So I've been working on swapping over from an aftermarket rear disk brake setup to an LS1 Camaro disk brake type for the last week or so. I finally got everything bolted up and started gravity bleeding one of the calipers but in my infinite wisdom ended up letting it run dry so now the pedal pretty much goes straight to the floor. I know that means I'll be having to most likely remove the master and bench bleed it but my question is that shouldn't using a vacuum bleeder on one of the caliper bleed lines work instead? All bench bleeding seems to be is simply recirculating fluid to remove the air. Is there something in the master that prevents fluid from going to the lines even under vacuum if it runs dry?
 

 

Thanks Neil. Got the master bled with no issues and now the pedal feels fine but I still can't get pressure to the back brakes. It seems the proportioning valve might need to be messed with? The only things I see attached to it short of the brake lines are the plastic brake warning indicator thing at the top and then a rubber button. Seems like this might be a 2 person job to get everything sorted now.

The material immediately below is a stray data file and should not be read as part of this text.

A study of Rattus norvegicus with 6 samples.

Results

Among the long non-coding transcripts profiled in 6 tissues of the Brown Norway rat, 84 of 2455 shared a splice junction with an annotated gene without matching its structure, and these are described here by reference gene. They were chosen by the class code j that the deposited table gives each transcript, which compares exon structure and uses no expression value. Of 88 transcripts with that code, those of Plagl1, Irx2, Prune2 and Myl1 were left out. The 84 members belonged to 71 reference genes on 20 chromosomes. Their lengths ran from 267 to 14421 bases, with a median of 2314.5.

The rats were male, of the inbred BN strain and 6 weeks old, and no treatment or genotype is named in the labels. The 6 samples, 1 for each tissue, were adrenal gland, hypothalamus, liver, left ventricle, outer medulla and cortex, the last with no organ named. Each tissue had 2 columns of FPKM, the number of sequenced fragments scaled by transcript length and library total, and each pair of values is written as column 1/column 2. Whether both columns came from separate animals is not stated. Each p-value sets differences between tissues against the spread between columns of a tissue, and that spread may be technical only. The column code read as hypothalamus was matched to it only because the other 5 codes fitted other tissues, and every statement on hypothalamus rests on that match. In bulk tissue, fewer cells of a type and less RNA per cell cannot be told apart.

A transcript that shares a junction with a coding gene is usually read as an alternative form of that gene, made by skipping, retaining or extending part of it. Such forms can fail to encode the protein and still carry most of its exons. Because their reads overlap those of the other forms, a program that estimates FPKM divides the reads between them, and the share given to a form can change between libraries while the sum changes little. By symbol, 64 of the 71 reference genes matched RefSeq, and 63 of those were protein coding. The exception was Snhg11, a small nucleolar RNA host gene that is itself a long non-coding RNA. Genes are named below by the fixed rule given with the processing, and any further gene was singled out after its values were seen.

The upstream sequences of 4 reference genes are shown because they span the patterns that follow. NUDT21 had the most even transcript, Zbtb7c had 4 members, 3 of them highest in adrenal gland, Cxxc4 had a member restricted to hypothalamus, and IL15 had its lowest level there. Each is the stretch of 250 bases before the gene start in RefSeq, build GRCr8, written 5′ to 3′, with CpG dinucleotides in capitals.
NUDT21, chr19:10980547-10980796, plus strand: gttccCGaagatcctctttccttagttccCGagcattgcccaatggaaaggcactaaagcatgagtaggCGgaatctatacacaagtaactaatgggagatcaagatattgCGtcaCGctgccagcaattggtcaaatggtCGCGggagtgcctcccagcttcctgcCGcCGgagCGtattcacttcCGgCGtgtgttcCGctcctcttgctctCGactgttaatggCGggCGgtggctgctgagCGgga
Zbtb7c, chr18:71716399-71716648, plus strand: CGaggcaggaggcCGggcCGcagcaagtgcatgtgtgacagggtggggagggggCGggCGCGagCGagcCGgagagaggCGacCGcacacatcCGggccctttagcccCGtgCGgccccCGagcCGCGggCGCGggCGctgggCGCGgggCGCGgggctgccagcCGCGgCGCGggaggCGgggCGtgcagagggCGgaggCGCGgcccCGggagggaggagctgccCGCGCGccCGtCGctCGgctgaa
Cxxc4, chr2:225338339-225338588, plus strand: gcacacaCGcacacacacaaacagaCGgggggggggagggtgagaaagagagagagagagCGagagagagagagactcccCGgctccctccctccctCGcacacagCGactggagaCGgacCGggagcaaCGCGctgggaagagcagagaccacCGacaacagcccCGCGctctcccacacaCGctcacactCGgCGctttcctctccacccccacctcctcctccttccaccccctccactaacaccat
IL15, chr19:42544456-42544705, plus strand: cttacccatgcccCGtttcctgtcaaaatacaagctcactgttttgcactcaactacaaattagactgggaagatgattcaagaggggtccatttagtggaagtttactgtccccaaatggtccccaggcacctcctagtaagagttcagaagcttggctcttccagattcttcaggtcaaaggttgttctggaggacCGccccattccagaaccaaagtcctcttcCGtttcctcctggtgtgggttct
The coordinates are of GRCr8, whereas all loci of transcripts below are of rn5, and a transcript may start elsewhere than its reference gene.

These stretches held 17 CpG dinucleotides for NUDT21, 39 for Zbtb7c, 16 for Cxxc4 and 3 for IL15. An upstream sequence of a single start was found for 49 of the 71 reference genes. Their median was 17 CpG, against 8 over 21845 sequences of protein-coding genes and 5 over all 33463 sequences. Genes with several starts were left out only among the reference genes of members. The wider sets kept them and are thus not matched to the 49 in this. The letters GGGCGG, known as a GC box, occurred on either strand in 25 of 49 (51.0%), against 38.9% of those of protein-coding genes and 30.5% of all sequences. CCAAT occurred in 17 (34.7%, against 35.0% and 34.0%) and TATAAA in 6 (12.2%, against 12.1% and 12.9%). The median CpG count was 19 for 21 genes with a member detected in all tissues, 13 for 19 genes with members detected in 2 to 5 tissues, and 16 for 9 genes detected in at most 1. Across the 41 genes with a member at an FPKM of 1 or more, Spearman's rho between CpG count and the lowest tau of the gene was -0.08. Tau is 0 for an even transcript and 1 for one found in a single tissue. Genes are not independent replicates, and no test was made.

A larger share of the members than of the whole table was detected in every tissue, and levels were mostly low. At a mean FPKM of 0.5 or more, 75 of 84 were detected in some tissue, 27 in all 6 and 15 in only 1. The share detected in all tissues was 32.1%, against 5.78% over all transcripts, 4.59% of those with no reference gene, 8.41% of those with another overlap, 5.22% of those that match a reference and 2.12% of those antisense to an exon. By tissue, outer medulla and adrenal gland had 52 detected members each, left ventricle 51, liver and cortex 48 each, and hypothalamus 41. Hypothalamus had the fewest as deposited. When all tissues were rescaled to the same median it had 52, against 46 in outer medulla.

You may try loosening the rear inlet line from the valve until fluid runs out. If air is trapped in there it’ll run out from the top.

The button on the valve is simply a reset button. Definitely worth a push.
 

Thanks guys. Got the proportioning valve to free up eventually. I'll still have to replace it at some point as from how it looks its original to the car and not set up for rear disks.
 


Next, open the bleeder screws one at a time and let the fluid drain until you need to refill the master. Do not let the fluid go too low though, a two inches from the top of the reservoir is sufficient..
 


Next, open the bleeder screws one at a time and let the fluid drain until you need to refill the master. Do not let the fluid go too low though, a two inches from the top of the reservoir is sufficient..
Good advice ....make sure you start at the wheel cylinder farthest away from the master. Work your way to the front in this sequence....RR, LR, RF, LF. Just finished mine and road tested, pedal and braking was excellent. The fluid that I flushed out had been there for thirty-six years....it was muck. New fluid brakes great now!